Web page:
6.17.2014

Ethics, Ivory Tower & Hypocrisy

[When I first wrote this post, it was late in the night and my thoughts were floating like snakes in Kekule's mind. Now that I am awake, I hope to edit it in a way that it makes more sense to those who read - just like Kekule came up with the Benzene structure after the snakes aligned :)]

In the past few days, I have discussed with friends and colleagues on ethics and ethical dilemmas. In almost each of these conversations, people have questioned my stand with a plain statement (which masks a rhetorical question) - "You are in a position where you can practice your ethics but not everyone has that comfort" or "You are saying this now sitting in an AC room but you may act differently when facing real life".

While not going into the exact point that was being discussed in each of these conversations, the point made by such people is definitely worth pondering. How valid (read honest) are one's ethics if they have not been created keeping in mind the entire gamut of possible life situations they MAY have to go through?

While it may sound obvious, my ethics have been built from my own experiences and they have definitely changed over a period of time. I have not really given a thought to their validity in all cases irrespective of the probability of their occurrence e.g. stealing is bad we say but will we not steal to feed our families in times of crises? Such questions which try to filter everyone's ethics through a "trial by fire", more often than not, just serve as an excuse for not adopting a different (I did not use the word better) set of ethics.

There are a few facets of this discussion that can help us gain some clarity on this subject and help remove the clutter that is our own creation. First, when I practice a certain set of ethics or hold a certain "ethical" viewpoint on a subject, I do not (at least try my best not to) judge a person not holding the same viewpoint e.g. even if I am vegan, I do not judge a person who consumes meat as someone barbaric. I do want to try and understand his/her viewpoint on what they think about killing animals for food, but again, not judging them.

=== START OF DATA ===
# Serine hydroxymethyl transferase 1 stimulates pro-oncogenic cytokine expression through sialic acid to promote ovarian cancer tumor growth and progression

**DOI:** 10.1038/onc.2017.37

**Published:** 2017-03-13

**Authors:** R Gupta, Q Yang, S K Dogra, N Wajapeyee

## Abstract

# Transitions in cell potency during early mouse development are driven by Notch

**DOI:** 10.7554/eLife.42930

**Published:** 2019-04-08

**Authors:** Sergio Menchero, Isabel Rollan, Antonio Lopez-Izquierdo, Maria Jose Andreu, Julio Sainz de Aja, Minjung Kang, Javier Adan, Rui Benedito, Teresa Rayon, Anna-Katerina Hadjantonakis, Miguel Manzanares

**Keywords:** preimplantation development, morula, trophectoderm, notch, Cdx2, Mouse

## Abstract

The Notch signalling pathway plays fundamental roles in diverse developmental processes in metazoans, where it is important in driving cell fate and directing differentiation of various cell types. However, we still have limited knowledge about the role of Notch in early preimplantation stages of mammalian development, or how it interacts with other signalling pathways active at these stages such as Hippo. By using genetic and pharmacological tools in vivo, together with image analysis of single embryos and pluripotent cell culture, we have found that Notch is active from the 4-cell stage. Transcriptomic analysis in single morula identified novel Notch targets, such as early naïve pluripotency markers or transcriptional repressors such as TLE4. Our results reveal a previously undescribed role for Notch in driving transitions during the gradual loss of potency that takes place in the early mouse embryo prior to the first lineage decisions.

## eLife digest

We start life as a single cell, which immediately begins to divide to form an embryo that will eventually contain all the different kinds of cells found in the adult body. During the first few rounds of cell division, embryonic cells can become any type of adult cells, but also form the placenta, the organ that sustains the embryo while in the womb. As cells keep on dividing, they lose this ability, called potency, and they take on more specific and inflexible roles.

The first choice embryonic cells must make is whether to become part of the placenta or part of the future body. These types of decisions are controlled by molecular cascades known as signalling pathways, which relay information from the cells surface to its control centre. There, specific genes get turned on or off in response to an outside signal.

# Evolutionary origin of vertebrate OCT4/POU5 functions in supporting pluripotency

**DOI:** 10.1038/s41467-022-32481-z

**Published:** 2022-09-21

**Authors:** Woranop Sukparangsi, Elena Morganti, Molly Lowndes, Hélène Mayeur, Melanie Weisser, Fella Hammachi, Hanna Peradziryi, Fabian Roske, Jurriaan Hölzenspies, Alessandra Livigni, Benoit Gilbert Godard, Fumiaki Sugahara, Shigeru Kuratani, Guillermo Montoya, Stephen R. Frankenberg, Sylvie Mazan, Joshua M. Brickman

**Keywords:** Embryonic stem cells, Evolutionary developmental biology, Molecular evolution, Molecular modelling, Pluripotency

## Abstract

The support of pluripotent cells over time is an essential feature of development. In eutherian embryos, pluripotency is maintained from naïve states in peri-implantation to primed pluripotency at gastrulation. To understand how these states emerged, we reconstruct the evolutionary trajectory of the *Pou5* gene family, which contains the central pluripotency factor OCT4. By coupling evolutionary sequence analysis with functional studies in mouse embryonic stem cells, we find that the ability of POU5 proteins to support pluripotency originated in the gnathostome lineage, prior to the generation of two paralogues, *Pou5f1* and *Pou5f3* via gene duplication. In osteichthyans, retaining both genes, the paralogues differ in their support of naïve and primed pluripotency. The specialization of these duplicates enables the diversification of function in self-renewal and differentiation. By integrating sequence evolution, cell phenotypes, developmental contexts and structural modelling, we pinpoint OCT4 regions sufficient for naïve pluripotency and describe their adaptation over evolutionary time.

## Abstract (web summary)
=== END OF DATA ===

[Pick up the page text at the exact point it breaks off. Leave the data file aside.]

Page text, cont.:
Second point, does someone's ethics HAVE to confirm to all possible situations that one may face in life. How does one even arrive at an exhaustive list of such situations? And do we account for the probability of occurrence of a particular situation? Can we not take a cue from Pareto's analogy and create our ethics for 80% of the situations that we face in life and not for the 20%. Is it even right to say that unless my set of ethics confirms to all possible situations, I am not even going to start practicing what I know for sure is the right thing to do - just because a particular tenet may fail me at a later point of time.

Also, is it right to call a change in my ethics when faced with an unaccounted or previously un-encountered situation an act of hypocrisy? I do not think so.

I feel a lot of problems arise when people start preaching what they practice e.g. I can be vegan but I do not necessarily have to force others to be one. Also, when we start judging people who do go by the same set of ethics that we follow.

While my search on the internet did give me a lot of matter on the subject of ethics, including ethical dilemmas, I could not find anything worthwhile on the topic of "validity of ethics in extreme situations". If you know of someone who has written about it, please do let me know through the comments section.

A few resources on the internet can get you started on the topic of Ethics - BBC has a micro-site with chapter like layout (though I cannot vouch for the depth in which they deal with each topic), there is http://www.friesian.com and of course there is Calvin and Hobbes who have made a point very close to what I made - my ethics are for me and not universal.